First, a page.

Trooper faces string of charges
Allegedly drove drunk, pointed gun at officer
A Massachusetts State Police trooper and Army war hero was arrested after a chaotic scene unfolded early yesterday morning when he allegedly drove drunk and crashed his car on his Dorchester street, pointed a gun at an off-duty Boston police officer, and then ran into his house and fired his gun into a ceiling. He came outside and was wrestled to the ground by responding officers.
Timothy J. Walsh, 41, is an 18-year State Police veteran who has been on military leave for the past five years, said David Procopio, a spokesman for the State Police. Walsh has done multiple tours in Afghanistan and he received the Army Commendation Medal for valor in December 2009.
At about 1:30 a.m., police responded to a radio call to 32 South Munroe Terrace for a report of a person pointing a gun at a police officer, police said. When they arrived, the off-duty officer, who also lives on the street and whose name was not released, told the arriving officers that Walsh had fled into the house. Then officers heard the gunshot.
According to a Boston Police Department report obtained by the Globe, police surrounded the house, where Walsh lives on the first floor with a roommate. When Walsh exited, the officers ordered him to put his hands up and get on the ground. He refused, according to the report, and the officers wrestled him to the ground, placing him under arrest.
Police found a bullet hole in a living room ceiling.
Walsh’s roommate, who told police he was sleeping and woke when he heard the gunshot, was not injured.
A man who answered the door at 32 South Munroe declined to comment yesterday.
Walsh was charged with operating under the influence of alcohol, leaving the scene of an accident, assault with a dangerous weapon, illegal discharge of a firearm, and operating an unregistered motor vehicle.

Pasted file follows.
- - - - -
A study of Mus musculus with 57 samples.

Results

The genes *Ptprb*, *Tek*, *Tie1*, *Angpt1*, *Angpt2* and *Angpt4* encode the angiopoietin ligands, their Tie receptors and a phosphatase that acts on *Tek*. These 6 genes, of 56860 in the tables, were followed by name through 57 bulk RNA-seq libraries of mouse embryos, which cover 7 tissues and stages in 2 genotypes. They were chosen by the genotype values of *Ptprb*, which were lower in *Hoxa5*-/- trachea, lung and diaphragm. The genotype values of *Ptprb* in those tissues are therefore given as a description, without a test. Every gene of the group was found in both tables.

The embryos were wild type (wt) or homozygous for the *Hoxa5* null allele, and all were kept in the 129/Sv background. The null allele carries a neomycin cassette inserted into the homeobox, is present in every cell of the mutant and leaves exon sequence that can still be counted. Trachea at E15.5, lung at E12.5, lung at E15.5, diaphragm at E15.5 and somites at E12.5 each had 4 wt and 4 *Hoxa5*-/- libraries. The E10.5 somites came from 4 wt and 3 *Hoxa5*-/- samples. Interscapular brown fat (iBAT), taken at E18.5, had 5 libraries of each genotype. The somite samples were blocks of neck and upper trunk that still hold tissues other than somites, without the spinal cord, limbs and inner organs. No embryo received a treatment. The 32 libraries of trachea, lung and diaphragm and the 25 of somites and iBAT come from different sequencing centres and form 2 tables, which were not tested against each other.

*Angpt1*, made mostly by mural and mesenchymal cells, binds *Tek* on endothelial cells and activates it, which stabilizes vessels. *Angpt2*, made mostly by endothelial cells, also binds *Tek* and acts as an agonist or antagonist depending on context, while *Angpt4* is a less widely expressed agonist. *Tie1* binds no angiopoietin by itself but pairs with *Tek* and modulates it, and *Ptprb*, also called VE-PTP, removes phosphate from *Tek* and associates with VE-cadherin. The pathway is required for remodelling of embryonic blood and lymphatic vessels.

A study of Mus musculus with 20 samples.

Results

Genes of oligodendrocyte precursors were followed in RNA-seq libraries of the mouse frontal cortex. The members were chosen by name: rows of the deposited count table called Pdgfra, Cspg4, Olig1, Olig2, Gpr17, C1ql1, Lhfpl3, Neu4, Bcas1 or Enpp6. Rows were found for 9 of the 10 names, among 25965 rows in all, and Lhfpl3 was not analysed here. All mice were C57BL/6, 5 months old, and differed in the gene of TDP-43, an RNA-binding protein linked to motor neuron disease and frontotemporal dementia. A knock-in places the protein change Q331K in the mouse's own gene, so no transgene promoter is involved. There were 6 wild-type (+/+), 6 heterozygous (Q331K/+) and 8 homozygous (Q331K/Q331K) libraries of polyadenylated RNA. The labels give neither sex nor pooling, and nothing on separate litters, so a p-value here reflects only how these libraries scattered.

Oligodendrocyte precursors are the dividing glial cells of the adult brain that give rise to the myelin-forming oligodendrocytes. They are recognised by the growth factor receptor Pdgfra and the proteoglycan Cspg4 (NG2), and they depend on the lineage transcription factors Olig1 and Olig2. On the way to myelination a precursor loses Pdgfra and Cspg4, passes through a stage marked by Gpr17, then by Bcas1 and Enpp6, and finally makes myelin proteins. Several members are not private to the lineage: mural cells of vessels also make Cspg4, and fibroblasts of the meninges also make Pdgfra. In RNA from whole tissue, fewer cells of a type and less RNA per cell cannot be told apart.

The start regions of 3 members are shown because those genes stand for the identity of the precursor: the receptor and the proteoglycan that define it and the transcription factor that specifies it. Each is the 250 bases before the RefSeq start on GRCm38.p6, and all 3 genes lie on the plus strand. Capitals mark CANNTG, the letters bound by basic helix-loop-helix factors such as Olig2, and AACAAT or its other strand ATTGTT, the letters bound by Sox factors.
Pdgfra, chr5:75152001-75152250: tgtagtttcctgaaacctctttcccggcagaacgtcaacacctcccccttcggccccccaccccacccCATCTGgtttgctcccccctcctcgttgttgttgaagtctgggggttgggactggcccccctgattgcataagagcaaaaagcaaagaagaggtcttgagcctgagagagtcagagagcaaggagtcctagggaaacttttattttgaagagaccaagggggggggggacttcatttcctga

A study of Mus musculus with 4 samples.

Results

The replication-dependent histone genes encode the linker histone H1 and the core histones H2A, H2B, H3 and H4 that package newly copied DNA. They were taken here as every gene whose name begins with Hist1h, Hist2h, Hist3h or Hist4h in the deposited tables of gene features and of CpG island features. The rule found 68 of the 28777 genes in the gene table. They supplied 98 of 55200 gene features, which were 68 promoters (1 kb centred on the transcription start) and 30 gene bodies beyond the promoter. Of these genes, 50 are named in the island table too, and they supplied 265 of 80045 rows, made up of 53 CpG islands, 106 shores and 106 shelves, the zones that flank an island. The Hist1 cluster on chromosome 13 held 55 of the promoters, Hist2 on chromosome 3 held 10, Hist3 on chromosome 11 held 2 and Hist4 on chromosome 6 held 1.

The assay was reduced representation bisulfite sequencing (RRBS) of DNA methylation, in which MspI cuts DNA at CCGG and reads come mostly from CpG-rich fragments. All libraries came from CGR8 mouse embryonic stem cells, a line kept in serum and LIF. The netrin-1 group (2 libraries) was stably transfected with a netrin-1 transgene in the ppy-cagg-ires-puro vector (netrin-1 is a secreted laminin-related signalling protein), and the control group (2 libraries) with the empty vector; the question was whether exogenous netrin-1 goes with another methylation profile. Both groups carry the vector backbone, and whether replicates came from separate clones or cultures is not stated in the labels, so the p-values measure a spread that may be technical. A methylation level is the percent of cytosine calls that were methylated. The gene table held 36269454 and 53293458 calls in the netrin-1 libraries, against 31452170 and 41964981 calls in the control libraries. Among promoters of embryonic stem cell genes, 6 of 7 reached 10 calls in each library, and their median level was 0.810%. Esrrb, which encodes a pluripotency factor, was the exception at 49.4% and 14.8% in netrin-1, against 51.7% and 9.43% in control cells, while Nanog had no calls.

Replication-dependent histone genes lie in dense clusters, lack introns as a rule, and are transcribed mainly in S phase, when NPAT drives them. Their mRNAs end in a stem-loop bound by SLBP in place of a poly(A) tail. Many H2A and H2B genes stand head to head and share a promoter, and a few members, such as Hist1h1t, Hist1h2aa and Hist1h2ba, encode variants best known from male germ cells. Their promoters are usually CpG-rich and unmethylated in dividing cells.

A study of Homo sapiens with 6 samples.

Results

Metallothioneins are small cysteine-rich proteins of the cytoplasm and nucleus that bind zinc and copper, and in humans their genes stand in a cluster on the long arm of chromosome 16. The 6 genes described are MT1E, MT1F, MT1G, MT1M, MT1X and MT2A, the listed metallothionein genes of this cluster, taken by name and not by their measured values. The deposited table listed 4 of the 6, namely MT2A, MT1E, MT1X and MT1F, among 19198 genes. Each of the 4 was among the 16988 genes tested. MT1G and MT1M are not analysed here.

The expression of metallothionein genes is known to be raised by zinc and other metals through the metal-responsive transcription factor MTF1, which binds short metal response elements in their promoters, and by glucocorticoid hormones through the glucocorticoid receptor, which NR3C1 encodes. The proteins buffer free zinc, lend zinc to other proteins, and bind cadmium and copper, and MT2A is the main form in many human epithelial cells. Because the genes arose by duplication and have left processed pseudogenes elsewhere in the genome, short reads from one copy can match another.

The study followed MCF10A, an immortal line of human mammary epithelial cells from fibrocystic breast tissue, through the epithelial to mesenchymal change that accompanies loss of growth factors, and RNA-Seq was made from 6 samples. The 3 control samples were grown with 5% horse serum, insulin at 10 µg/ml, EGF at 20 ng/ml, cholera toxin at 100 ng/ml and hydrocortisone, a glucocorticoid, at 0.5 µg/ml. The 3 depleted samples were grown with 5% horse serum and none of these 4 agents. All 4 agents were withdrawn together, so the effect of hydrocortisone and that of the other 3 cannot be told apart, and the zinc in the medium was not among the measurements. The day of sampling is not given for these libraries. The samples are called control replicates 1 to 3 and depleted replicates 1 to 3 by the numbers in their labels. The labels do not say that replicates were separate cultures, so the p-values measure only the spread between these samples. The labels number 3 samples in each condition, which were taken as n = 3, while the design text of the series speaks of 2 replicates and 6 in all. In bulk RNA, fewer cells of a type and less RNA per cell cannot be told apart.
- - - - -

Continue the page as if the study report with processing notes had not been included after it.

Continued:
He is scheduled to be arraigned tomorrow in Dorchester District Court. A hearing will be held Tuesday to determine if Walsh will be suspended from the State Police as the criminal case is processed, Procopio said.
According to witnesses cited in the report, Walsh struck three parked cars on his street and then fled onto Neponset Avenue. He returned a short time later and parked his battered car in his driveway, the report said.
By this time, neighbors had come outside to inspect the damage and they recognized Walsh’s car. The off-duty Boston officer, who said Walsh was slurring his words, told him to wait outside for police to respond. It was then that Walsh allegedly pointed the gun at the officer and went inside.
Walsh was briefly treated at Boston Medical Center yesterday for injuries he sustained in the crashes and while being arrested, according to the report.
Procopio said Walsh turned in his service weapon when he went on military leave and that the gun he fired was a personal weapon. Walsh has a license to carry firearms, he said.
Walsh did tours in Afghanistan during Operation Enduring Freedom, said Richard R. Brown, president of the State Police Association of Massachusetts, the troopers’ union, and he recently returned from one.
The Trooper Newspaper, the union’s official publication, listed Walsh as a staff sergeant in the Army. His photo is on the cover of the February issue, which reports on a December 2009 event at Florian Hall, where he received the Army Commendation Medal for valor.
According to the newspaper’s narrative of the ceremony, Walsh was serving in Balkh Province, Afghanistan, in May 2009, providing support for an 84-man commando task force when they came under heavy fire.
As the commandos appeared to be in grave danger from “overwhelming fire,’’ they headed north to take cover, but they were pinned down by heavy machine gunfire.
Walsh stood up, in the line of fire, and provided covering fire with his rifle and grenade launcher while the commandos moved out of danger.
Walsh then noticed one of his teammates dragging a severely wounded commando with a gunshot wound. He stood up again, putting himself in the line of fire, and provided covering fire so that the commando could be moved out of danger.
Behind cover, but still taking fire, the soldiers were pinned down and decided they needed to retreat. Walsh stood up a third time and yelled to his men to fire their weapons and escape “the kill zone,’’ according to the narrative.
“His actions are in keeping with the finest traditions of military heroism and reflect distinct credit upon himself, the Combined Joint Special Operations Task Force-Afghanistan, Special Operations Command Central, and the United States Army,’’ the narative read.
Brown said in a phone interview that Walsh has union representation and support.
“He’s a war hero,’’ Brown said. “I wish him the best with everything he’s dealing with, and my thoughts and prayers go out to the Boston Police Department for the whole situation.’’
Walsh was last assigned to Troop D, which covers Southeastern Massachusetts, Procopio said.
John M. Guilfoil can be reached at firstname.lastname@example.org. Maria Cramer contributed to his report.